Photographer: Nick Turpin
In the twelfth instalment of our Photographer Spotlight series, we talk to London born Street Photographer Nick Turpin
How did you start in Photography and decide it was the career for you?
I specialised in photography at art college, initially as an art form, and then increasingly as a documentary tool. I did a degree in Photography and Film at The University of Westminster which cemented my interest in using photography to explore and record real events. At the age of 20 I was offered a full-time job on The Independent Newspaper where I shot news, portraits and features for seven years. Eventually I left to be a design and advertising photographer in the UK and the States. Throughout this time I shot street photography for my own personal pleasure.
What kind of photographer would you describe yourself as?
I am a Street Photographer at heart, I make candid public photographs that show an uncensored view of how we live now in modern cities. The work is often amusing or surreal and shows us just how extraordinary the everyday can be.
In recent years I have worked more on projects like my book On The Night Bus that looks at London night bus commuters.
What cameras and equipment do you usually use?
I use Canon 5dmk III’s for most of my commercial work and have recently switched from Leica to Fuji for my street photography. I am currently using the little FujiX100F which is fantastically quick, light and small. I like the fact that you no longer need to spend £6k on a camera body to make great images, the technology of mirrorless cameras has brought us the perfect tools for street photography at a fraction of the price.
Which subject is your favourite to shoot?
Although I shoot in many different ways to make a living, I still love the single image narrative of a good street photograph that can stand on it’s own. It’s still the hardest thing I’ve ever tried to do with a camera which is why I keep coming back to it again and again. As a street photographer you have only the frame and the shutter button to work with, these are your tools and you must make both decisions very well in the same image for it to be successful.
Which photographers have inspired you most?
My work is influenced by a number of photographers from Garry Winogrand and Robert Frank to Joel Meyerowitz, the New York street photographers of the 60’s and 70’s have probably made the biggest impact on modern street photography with the Decisive Moment of Cartier Bresson running through the heart of the whole approach.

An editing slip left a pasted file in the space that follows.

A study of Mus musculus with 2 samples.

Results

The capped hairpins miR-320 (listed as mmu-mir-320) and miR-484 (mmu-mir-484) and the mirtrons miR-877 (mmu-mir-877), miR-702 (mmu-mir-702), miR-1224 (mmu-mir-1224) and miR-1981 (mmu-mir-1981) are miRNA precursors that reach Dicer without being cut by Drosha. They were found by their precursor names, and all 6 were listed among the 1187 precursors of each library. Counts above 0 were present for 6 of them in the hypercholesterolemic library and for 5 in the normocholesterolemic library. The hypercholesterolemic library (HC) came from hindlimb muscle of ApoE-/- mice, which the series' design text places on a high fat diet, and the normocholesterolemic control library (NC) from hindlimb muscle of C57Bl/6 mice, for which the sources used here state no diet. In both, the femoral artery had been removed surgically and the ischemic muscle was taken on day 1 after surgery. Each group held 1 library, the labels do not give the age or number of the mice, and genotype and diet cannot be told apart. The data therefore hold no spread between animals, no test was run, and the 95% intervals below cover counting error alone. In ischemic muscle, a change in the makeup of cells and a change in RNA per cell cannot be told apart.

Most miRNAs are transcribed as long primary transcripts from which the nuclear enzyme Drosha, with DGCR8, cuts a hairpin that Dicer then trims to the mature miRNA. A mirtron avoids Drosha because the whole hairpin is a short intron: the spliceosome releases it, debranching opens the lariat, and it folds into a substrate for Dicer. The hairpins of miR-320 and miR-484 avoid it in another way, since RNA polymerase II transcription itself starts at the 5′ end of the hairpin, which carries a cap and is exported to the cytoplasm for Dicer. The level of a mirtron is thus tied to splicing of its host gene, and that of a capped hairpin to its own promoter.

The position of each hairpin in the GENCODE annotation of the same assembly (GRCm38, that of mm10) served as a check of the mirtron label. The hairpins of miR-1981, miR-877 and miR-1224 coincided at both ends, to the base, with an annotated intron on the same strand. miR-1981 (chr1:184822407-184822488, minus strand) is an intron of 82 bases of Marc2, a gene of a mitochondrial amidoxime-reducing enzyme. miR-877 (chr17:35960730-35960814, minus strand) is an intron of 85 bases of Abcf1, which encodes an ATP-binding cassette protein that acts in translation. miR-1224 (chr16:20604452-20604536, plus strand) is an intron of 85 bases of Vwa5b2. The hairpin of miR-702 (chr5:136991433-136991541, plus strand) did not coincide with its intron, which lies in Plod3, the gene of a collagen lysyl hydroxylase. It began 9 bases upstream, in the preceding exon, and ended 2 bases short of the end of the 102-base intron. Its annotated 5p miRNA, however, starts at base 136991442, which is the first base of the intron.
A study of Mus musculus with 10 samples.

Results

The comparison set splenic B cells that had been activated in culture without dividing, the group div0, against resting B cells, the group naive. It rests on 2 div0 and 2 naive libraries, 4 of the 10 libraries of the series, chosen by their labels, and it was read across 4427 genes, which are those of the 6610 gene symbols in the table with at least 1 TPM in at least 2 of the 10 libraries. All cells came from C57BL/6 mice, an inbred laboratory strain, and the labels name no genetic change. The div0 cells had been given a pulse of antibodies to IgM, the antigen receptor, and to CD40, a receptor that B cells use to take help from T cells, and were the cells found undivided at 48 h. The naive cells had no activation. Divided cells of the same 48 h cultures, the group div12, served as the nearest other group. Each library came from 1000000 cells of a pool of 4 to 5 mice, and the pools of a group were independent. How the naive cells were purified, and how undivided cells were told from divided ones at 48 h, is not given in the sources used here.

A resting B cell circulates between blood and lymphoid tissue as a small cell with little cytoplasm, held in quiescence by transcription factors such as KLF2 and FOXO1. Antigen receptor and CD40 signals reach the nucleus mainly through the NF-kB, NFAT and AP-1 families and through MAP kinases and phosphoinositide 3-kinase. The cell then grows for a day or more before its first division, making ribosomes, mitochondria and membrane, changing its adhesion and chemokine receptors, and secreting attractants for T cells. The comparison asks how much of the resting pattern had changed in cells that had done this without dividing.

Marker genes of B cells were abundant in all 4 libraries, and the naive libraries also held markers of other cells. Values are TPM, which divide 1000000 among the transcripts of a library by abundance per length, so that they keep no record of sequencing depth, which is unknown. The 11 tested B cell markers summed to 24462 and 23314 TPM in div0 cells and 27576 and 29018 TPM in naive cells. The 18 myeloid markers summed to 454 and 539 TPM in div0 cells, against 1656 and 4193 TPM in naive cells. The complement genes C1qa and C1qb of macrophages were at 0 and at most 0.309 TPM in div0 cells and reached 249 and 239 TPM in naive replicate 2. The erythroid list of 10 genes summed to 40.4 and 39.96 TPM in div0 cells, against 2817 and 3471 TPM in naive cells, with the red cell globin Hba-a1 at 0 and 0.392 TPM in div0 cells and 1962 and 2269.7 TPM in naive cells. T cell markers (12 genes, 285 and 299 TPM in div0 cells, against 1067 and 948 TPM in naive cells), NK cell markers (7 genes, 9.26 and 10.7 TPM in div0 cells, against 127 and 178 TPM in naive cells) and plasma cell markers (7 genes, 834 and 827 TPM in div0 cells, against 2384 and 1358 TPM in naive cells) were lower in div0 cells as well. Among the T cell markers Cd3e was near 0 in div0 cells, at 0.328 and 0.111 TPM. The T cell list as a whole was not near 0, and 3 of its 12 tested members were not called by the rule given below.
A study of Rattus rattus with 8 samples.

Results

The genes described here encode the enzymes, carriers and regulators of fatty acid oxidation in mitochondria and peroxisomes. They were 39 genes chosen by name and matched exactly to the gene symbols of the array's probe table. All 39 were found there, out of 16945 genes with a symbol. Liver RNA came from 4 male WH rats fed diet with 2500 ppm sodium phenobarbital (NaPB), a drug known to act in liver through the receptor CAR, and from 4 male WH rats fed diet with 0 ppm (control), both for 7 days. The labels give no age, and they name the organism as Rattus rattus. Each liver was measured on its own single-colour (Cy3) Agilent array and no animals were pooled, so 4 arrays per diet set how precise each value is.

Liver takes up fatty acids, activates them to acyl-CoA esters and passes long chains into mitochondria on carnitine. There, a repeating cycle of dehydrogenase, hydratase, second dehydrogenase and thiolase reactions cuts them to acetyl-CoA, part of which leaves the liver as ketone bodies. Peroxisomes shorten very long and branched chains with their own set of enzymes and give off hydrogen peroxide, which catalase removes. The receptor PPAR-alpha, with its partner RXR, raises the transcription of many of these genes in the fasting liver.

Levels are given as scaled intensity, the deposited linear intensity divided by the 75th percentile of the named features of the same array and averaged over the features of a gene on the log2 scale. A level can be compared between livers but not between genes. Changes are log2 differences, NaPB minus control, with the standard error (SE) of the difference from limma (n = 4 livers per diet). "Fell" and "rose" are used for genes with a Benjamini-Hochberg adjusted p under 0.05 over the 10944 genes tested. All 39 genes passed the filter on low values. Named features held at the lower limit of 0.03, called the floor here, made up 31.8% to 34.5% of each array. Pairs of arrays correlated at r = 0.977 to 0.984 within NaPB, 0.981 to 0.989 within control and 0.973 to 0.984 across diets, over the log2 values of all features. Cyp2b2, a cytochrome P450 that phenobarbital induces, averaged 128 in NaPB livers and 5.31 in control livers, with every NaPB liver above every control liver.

Is there a shoot or personal project you’ve been working on recently?
I recently shot a series of pictures about the regeneration of Peckham in SE London which was commissioned by a property company and I am also working on a personal project on London Bridge, making portraits of passing strangers in the middle of the bridge.
Has your shoot or project been Studio based or out on location?
As a street photographer I nearly always work in a public place, either candidly or by turning the street into my studio for a short while.
Can you tell us some of the locations you have shot across the world, what was your favourite and why?
Like most photographers I have travelled a lot with my work both as a news photographer and as a commercial photographer. I have particularly enjoyed working in Havana, Cuba because of the light, colours and people. New York City is also fantastic for street photography because of the sheer numbers of people on the broad sidewalks and the relative anonymity of the big city. I did a shoot for Barclays on top of the World Trade Centre two weeks before 9/11 and i often wonder what happened to the people I met that day that worked there.
What’s been your most memorable moment on a shoot or during your career?
I think the people that you meet, especially in their own homes has always been the most fascinating aspect of being a photographer, I’ve had the pleasure of photographing people like Nelson Mandela, Clint Eastwood, Jimmy Page, Anthony Hopkins and Helena Bonham Carter. It’s always interesting to have that opportunity to chat informally with someone in the public eye.
Is there anything else you’d like to share about your work or process?
My whole life I’ve had to balance the commercial with the personal work, the two support and feed each other, both are crucial, that has probably been the biggest challenge.